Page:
These incredible visualisations show how the world's biggest cities will be impacted by rising sea levels

Melbourne. Photo: Screenshot from climatecentraldotorg/ Youtube.

Prime Minister Malcolm Turnbull along with representatives from 52 nations around the world have gathered at the Commonwealth Heads of Government Meeting (CHOGM) in Malta to discuss climate change ahead of the UN Climate Change Change Conference (COP21) in Paris next week.

Turnbull is pledging to reduce emissions in Australia by 26 to 28 percent on 2005 levels by 2030, saying on ABC’s 7.30 program on Thursday night that he was “optimistic” about the prospect of an agreement and that “everyone is committed to achieving a good outcome in Paris”.

“Ahead of COP21 it is a powerful signal to other countries of the world to show a similar level of ambition and commitment to working together for a strong result in Paris,” said Turnbull during Friday’s climate change session in Malta.

Meanwhile, opposition leader Bill Shorten has described Turnbull’s “inaction” as “madness”, proposing instead, to reduce emissions by 45 per cent by 2030.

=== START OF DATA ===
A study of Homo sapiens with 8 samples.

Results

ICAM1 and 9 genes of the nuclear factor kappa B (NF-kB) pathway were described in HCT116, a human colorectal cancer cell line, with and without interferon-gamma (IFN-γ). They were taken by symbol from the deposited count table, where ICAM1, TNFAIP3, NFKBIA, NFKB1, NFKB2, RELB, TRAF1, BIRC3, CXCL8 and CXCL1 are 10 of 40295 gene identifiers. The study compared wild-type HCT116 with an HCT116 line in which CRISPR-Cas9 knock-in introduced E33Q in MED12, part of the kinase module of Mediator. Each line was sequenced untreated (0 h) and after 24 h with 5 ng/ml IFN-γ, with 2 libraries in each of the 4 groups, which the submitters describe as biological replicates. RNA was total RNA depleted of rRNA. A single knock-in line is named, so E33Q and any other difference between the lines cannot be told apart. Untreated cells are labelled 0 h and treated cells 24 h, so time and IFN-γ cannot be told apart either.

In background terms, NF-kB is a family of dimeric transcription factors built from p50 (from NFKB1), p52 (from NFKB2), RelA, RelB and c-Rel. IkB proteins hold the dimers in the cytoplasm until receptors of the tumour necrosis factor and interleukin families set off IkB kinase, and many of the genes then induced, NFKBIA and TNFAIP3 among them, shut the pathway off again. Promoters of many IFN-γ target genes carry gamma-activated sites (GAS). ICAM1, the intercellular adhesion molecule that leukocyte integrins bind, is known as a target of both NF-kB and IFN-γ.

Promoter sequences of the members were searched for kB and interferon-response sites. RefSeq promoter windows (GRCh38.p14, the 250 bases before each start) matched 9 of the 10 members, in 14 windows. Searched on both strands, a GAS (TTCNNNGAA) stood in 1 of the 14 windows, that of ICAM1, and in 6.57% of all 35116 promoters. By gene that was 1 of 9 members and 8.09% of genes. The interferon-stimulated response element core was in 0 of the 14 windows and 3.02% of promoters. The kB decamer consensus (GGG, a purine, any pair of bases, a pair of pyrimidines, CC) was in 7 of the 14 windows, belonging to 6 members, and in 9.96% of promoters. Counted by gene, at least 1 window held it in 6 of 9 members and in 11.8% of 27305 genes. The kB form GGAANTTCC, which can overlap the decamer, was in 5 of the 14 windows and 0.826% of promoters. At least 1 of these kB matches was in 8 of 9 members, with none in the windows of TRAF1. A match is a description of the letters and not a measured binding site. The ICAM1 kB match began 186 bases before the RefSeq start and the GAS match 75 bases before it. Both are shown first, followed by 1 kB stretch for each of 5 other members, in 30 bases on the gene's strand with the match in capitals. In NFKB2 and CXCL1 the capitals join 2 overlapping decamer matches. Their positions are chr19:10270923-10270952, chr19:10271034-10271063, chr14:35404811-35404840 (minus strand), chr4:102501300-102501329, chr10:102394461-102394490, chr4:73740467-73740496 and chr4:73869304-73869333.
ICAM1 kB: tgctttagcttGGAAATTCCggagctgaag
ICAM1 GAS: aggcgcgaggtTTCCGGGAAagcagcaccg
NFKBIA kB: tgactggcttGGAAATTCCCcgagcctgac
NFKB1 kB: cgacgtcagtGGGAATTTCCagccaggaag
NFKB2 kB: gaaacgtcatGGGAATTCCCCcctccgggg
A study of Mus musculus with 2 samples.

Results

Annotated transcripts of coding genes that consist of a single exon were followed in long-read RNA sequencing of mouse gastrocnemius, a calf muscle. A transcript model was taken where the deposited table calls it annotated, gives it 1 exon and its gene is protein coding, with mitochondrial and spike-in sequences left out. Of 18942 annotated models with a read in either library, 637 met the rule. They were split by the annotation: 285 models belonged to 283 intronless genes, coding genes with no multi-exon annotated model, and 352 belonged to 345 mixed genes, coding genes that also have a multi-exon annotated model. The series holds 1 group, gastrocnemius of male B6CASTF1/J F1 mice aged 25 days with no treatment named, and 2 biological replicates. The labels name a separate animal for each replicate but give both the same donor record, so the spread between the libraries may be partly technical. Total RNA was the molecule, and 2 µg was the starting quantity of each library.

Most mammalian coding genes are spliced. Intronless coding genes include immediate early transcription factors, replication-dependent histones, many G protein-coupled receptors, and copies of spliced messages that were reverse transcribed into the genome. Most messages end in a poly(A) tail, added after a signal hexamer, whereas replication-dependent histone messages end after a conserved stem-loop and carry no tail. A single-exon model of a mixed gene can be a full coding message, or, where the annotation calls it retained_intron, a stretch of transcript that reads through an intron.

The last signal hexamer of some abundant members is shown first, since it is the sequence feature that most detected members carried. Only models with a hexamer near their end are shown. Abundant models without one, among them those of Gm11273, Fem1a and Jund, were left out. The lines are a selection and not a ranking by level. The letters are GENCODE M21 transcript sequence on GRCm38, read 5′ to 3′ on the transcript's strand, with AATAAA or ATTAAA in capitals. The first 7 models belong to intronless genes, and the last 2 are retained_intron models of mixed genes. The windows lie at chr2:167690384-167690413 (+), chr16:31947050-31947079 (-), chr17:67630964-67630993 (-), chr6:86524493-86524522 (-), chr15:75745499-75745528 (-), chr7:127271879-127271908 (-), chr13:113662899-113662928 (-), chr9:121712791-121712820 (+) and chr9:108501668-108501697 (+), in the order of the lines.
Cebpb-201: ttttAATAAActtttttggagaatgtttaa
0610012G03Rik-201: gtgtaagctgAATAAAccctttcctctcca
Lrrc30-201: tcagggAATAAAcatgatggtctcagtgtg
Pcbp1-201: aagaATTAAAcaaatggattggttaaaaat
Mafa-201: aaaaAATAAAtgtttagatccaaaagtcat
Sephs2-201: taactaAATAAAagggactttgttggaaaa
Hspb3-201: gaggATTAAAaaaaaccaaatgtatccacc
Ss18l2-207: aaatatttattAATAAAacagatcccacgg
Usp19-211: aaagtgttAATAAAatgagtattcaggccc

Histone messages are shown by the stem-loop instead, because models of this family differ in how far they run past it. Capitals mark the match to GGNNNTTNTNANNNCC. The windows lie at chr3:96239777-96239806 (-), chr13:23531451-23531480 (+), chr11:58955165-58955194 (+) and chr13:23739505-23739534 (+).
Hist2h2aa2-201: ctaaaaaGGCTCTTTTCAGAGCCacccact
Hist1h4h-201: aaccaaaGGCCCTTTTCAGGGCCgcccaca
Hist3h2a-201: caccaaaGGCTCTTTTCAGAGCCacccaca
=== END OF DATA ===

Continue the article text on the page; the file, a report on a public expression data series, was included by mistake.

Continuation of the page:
Climate change rallies have already begun in Melbourne CBD in the “People’s Climate March” with around 40,000 people marching from the State Library to Parliament House for one of the biggest demonstrations of its kind — joining hundreds of other scheduled climate change rallies around the world.

According to Climate Central, current carbon emissions trends point to 4 degrees Celsius of global warming with the international target sitting at 2 degrees Celsius.

The nonprofit news organisation has recently released a series of videos ahead of the climate change summit in Paris on how the world’s biggest cities including New York, Melbourne, London and Tokyo will be impacted by rising sea levels.

Hong Kong



New York



Hong Kong

Business Insider Emails & Alerts

Site highlights each day to your inbox.

Follow Business Insider Australia on Facebook, Twitter, LinkedIn, and Instagram.